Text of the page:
Copyright J. S. Raynor 2017

Chapter Three : A hard life in Mexico

The blistering hot sun shone relentlessly on the tiny, ramshackle houses on the outskirts of Mexico City. In one of these houses, the familiar, creaking sound of the back, kitchen door being opened could be heard clearly from the small living area.

“Maria!”  The four young children, looked nervous as their angry father shouted for his wife.

“Maria!”  He repeated, the aggression in his voice increasing with each call. Enrico, an unkempt, unshaven man in his early forties, who was sitting in one of the few chairs in the house, kept his eyes firmly fixed on the live ball game being shown on the old television in the corner of the room. Even when the crowd at the televised game cheered loudly, his face showed neither excitement nor pleasure, yet his addiction to the game was evident.

At last, Maria, an anxious-looking woman in her mid-thirties, appeared in the doorway, clutching a bottle of beer.

Raffaele, the eldest of the children, gave his mother a reassuring smile. Timidly, she walked  over to her husband, who roughly grabbed the bottle without a word of thanks.

He still kept his eyes fixed firmly on the game. “Where are the rest?”  His tone was uncompromising and harsh.

Nervously, Maria answered, “I only had enough money for one bottle.”

“Liar!  I gave you enough for at least three bottles.”

Maria gave a nervous cough and, plucking up courage, replied, “I needed to buy medicine for Isabella. She has a bad fever.”

Enrico looked, through bloodshot eyes, at Isabella, the youngest of his  children.  The two-year old was curled up
in a rough blanket on the floor. Although it was unbearably hot, the tiny, under-nourished infant was shivering uncontrollably. “She looks alright to me. You spoil the girl.”

Maria walked over to her daughter. “She’s sick, Enrico!  Why can’t you see that?”  She picked up the infant and held her close in a loving embrace, trying to sooth the feverish infant.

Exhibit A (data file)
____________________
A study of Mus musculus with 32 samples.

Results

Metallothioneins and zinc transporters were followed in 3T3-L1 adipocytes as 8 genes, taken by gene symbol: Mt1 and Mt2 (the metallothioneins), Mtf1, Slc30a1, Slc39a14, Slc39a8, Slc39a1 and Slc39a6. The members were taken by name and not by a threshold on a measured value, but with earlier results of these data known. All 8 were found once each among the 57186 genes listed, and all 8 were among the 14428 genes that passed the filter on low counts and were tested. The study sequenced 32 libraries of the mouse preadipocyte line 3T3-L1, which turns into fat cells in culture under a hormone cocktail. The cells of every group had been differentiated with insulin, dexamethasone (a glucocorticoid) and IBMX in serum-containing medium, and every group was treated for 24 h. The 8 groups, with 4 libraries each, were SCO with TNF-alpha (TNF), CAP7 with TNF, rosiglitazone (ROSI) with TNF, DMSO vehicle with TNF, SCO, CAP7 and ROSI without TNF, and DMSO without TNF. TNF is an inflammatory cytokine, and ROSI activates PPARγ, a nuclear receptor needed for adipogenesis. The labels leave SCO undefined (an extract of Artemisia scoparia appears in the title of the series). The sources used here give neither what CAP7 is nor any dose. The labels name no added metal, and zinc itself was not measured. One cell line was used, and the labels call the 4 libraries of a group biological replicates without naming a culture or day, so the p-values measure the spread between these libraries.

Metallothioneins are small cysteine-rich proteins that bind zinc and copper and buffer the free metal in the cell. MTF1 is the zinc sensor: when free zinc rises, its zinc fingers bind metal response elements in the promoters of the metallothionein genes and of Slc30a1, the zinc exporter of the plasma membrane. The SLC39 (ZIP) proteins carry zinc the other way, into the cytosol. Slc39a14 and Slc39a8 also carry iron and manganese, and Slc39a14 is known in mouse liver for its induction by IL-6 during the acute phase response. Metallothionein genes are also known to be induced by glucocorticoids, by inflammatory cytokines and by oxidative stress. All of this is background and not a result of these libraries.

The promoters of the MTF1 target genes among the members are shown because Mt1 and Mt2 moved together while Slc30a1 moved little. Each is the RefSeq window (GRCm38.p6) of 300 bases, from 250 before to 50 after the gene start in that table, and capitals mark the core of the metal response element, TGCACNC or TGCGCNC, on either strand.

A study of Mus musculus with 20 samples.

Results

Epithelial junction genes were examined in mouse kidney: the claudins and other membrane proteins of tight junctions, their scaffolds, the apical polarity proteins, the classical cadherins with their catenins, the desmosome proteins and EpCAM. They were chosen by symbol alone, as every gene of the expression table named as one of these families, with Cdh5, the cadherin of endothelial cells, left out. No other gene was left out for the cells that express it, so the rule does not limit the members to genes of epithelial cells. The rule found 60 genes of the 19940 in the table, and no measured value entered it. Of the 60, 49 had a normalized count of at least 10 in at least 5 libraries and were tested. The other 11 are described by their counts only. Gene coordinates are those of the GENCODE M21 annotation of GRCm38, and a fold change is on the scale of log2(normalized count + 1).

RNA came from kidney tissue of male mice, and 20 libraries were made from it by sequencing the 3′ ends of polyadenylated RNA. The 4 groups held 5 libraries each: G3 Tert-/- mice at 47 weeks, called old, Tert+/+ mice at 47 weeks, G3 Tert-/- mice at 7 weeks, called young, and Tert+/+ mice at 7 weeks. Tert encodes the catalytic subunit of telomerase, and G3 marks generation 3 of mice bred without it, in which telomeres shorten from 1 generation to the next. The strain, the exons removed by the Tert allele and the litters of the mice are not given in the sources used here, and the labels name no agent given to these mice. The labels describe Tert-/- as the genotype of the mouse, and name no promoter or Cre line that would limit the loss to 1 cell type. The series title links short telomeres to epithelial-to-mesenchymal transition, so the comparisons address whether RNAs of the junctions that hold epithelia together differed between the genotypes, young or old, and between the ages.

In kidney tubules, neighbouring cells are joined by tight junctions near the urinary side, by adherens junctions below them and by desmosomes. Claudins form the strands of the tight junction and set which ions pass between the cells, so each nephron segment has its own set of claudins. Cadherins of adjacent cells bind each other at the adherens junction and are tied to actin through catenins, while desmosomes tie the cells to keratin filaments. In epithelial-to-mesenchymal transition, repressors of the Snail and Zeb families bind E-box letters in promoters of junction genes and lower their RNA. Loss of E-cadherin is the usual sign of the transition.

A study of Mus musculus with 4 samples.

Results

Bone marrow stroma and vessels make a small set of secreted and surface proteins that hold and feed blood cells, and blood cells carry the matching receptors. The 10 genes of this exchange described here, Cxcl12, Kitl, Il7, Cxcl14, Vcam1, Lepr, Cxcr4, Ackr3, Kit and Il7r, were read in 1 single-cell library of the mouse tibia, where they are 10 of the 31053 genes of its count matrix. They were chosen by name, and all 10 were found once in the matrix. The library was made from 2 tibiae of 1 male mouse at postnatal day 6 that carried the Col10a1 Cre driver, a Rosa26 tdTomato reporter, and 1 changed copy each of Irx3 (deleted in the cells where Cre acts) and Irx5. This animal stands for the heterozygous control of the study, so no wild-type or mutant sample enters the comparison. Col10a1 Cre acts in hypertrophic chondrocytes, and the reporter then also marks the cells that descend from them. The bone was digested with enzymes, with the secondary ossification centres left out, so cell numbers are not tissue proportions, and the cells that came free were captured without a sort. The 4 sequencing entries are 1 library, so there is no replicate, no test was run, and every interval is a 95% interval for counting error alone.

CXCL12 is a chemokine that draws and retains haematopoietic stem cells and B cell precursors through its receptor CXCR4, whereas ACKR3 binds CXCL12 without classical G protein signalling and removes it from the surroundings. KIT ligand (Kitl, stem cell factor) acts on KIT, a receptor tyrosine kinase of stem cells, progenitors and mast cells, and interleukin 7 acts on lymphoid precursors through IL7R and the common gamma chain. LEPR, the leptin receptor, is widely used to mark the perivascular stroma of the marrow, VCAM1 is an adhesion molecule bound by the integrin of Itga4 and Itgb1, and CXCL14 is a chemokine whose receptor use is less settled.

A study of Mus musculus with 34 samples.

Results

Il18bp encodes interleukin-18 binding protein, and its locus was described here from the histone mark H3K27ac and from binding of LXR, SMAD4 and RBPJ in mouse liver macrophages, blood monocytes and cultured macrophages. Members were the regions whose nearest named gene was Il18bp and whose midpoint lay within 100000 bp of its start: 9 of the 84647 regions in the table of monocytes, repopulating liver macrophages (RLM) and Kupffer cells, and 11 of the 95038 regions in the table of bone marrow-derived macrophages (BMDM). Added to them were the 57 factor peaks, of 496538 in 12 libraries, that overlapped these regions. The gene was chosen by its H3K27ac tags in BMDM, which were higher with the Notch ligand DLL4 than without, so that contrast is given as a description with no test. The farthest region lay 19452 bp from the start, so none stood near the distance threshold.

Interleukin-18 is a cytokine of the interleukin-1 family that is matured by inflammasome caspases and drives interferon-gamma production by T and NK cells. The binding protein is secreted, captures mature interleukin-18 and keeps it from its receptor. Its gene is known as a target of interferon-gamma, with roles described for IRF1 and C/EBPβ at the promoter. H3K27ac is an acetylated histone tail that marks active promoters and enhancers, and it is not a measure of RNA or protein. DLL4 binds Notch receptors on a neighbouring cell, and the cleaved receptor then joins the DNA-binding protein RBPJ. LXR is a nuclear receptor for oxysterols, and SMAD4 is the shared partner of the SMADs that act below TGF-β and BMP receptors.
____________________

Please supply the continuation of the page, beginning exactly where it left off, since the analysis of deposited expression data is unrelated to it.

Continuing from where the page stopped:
“The child will be okay,” he growled. “You worry too much.”

Somehow, Maria summed up enough courage to take the child close to her husband, hoping that he would realise how ill Isabella was. “Look, Enrico!  She is sick and, if you can’t see that, then you must be blind!” She regretted these words as soon as they tumbled out of her mouth, but the damage was already done.

The other children looked nervously at each other, surprised that their mother was standing up to her bullying husband in a way they had never seen before.

Enrico snapped the top off the beer, took a gulp and put the bottle down hard. Without warning, he grabbed Maria’s long hair and pulled hard, bringing her head close to his. She screamed in pain, but clung on tightly to her crying daughter.

“Don’t you ever talk to me like that again, bitch!”  His mouth was so close to Maria’s face that she felt sickened by the smell of his foul breath.

Bravely, Raffaele ran beside his mother. “Leave Mama alone, Papa!”

Enrico released his hold on Maria’s hair, turned to face the fourteen-year old and laughed mockingly. “And just what do you intend to do, you little runt?”

“I…”  Raffaele’s initial courage had been broken by his father’s aggression.

Before he had chance to think of a suitable answer, Enrico glared angrily at him and shouted, “Get out of here! You and the others go in the kitchen and don’t come back until I tell you!”

His resolve broken, Raffaele, sister and two brothers walked, meekly, out of the room and shut the door behind them. Knowing what to expect, they each covered their ears, but the shouts from Enrico and the screams from their mother could still be clearly heard. Tears ran freely down the children’s’ faces as Enrico beat his wife yet again. None of them could understand why their father was so cruel to the woman he had married.

It seemed to take an eternity, but, eventually, their mother came to join them in the kitchen. Her lip was bleeding, fresh bruises had appeared on her tired face and no words were needed to be spoken as she, holding Isabella in one arm, used the other to comfort each of her children in turn.